FBI and Justice Department officials who prepared an application for surveillance on Carter Page, a former Trump campaign adviser, did not disclose the relationship between the opposition research dossier used as a basis for that request, and the Hillary Clinton campaign, according to a controversial Republican-authored memo.
Justice Department officials never told the Foreign Intelligence Surveillance Court judge that the dossier was funded by Hillary Clinton's campaign and the Democratic National Committee when applying for a warrant to spy on Page, despite knowing about the dossier's political nature, the memo said.
"Neither the initial application in October 2016, nor any of the renewals, disclose or reference the role of the DNC, Clinton campaign, or any party/campaign in funding Steele's efforts, even though the political origins of the Steele dossier were then known to senior DOJ and FBI officials," the memo said.
Republicans have long accused the FBI of relying on the dossier to open an investigation into alleged collusion between Russians and the Trump campaign. But the memo, written and released by Rep. Devin Nunes, R-Calif., disputed that contention and said the original counterintelligence investigation was triggered independently by a conversation between George Papadopoulos, another former Trump campaign adviser, and an Australian diplomat.
However, the memo accused the FBI and Justice Department of relying almost exclusively on the dossier to obtain and renew surveillance warrants on Page.
Some of the information the Justice Department "extensively" used to corroborate the dossier, according to the memo, came from a single news article that itself was based entirely on the dossier. The news article, however, was presented to a judge as independent verification of the dossier. Christopher Steele, the former British spy who received $160,000 from Democrats to write the dossier, has since admitted that he provided the information to the news outlet whose article was used as a corroborating source for the dossier.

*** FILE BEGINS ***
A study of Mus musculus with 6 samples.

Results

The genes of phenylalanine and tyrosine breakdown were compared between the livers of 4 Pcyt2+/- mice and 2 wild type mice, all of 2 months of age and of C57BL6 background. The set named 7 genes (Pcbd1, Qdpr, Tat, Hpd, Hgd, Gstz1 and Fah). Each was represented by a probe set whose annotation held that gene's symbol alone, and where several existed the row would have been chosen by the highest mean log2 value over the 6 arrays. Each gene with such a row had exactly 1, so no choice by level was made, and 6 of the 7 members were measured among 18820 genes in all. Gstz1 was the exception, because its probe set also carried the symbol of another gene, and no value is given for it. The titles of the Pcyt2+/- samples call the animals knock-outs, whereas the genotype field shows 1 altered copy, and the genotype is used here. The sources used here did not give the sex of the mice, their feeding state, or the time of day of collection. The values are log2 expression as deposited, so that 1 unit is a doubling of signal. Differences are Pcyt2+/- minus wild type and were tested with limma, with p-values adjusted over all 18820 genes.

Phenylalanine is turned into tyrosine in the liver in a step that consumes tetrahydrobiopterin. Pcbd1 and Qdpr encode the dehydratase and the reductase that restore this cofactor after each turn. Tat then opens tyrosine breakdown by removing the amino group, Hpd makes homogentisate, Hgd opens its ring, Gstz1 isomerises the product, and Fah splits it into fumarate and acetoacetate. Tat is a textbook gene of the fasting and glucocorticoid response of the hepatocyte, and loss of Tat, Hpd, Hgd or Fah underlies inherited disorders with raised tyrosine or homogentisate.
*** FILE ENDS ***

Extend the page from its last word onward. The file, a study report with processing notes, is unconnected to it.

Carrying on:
"This article does not corroborate the Steele dossier because it is derived from information leaked by Steele himself to Yahoo News," it said.
House Intelligence Committee Republicans said in their memo that Steele should not have been used as a credible informant for the FBI in its quest to spy on Page in part because of his known relationship to Clinton and in part because he harbored open anti-Trump bias.
According to the memo, Steele told Bruce Ohr, a senior Justice Department official, that he "was desperate that Donald Trump not get elected."
The role of the Steele dossier in starting or deepening the Russia investigation has remained a central question surrounding the politicized probe.
Former Deputy FBI Director Andrew McCabe, who was forced out of his role at the bureau this month due to an unrelated allegation, told the House Intelligence Committee in December that "no surveillance warrant would have been sought" on Page "without the Steele dossier information."
The FBI has said the Republican memo omits information that would change the document's main contentions. Democrats have accused Republicans of twisting the underlying intelligence in order to paint a picture of a corrupt FBI.